On Monday, Will Muschamp said his biggest concern on South Carolina’s defense is the safety position.
On Tuesday, the opening day of the Gamecocks first spring practice with Muschamp as the head coach, he said he’s not terribly worried if that hurts the safeties’ feelings or not.
“I don’t really care what they think,” Muschamp said. “The bottom line is they need to respond.”
That’s the kind of tough love the safeties already have come to expect from Muschamp, who along with being South Carolina’s head coach will coach the safeties during practices, said junior defensive back Chris Lammons.
Lammons has been moved from cornerback to safety this spring to help ease some of Muschamp’s concerns about the position. Lammons entered spring practice listed as a second-team safety behind juniors Jasper Sasser and Toure Boyd.
Sasser and Boyd are two of the most inexperienced defensive backs on the team. Sassser played in two games last year, while Boyd played in one, but that inexperience may have worked in their favor considering how little Muschamp liked from what he saw of the Gamecocks’ safety play last year.
“We need to find answers in the secondary,” Muschamp said. “I’m not real confident in the safety position based on what we saw a year ago.”
Jordan Diggs, who started 10 games at safety and was South Carolina’s fifth-leading tackler last year with 48 stops, has been moved to linebacker. D.J. Smith is the other backup safety along with Lammons.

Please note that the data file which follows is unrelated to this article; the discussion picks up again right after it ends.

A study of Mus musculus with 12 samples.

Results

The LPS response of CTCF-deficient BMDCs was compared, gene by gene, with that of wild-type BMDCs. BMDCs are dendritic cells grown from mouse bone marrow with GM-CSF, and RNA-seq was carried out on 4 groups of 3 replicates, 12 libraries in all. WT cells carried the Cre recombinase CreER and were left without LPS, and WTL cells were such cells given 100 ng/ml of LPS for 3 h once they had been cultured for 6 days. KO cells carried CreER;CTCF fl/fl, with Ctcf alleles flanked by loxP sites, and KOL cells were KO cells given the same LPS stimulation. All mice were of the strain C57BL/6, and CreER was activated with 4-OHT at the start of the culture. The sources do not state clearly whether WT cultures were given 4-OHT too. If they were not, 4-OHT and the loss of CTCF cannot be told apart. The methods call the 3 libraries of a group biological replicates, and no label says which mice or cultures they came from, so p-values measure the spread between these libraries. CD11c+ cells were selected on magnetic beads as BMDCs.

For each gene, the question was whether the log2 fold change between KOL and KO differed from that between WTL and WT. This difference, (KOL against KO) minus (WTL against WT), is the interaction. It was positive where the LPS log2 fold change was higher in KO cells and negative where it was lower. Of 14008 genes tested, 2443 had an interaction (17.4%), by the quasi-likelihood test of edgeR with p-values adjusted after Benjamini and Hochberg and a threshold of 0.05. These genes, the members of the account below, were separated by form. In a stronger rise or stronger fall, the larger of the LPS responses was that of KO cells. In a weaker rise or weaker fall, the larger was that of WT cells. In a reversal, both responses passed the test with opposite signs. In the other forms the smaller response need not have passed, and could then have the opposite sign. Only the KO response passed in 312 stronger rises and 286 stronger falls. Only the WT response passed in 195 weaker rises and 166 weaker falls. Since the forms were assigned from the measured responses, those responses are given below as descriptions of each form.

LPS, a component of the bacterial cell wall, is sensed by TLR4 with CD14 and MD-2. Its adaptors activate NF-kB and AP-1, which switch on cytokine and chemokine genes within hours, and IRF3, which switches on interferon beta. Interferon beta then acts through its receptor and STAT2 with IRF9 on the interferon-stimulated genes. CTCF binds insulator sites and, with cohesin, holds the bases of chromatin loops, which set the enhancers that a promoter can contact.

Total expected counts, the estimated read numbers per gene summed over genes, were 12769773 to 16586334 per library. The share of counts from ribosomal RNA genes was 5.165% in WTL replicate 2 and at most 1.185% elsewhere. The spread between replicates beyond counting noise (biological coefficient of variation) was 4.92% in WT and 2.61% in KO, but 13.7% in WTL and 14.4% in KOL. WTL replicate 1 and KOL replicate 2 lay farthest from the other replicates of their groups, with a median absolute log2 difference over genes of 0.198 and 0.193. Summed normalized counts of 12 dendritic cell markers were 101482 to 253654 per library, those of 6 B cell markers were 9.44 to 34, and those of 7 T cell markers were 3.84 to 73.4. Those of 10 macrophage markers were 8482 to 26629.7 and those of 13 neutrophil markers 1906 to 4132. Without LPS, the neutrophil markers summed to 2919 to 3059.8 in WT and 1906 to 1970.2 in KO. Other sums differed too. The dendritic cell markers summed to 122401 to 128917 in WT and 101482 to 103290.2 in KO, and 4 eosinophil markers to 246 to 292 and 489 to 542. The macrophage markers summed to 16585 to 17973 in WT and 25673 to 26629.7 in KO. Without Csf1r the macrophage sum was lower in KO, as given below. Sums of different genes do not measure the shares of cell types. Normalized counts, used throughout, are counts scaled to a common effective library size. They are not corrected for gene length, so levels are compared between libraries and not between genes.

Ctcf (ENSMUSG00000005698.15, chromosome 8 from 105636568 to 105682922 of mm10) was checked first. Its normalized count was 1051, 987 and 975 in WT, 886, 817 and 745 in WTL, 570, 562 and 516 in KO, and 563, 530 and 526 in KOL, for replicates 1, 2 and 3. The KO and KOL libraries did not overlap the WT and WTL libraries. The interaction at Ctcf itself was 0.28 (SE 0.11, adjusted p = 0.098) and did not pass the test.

“I think I was comfortable (at safety). It was different being able to read the offenses,” Lammons said. “I’ve always played corner but whatever helps the team. I’ll play safety if that’s what the coaches need me to do.”
Lammons also will practice as a cornerback some this spring, but for now senior Rico McWilliams and sophomore Rashad Fenton are listed as the starting cornerbacks. Fenton responded well to his new position Tuesday, intercepting the first pass of team work during the first spring practice and returning it for a touchdown.
Fenton, McWilliams, Lammons and Antoine Wilder all will train at the nickel back position as well.
The Gamecocks were ninth in the SEC in pass defense last season, allowing 212.4 yards per game through the air. No defensive back had more than one interception. Lammons blamed last year’s struggles in the secondary on a lack of experience.
“I’d just say we need more work,” he said.
It seems like they’re going to get it, too.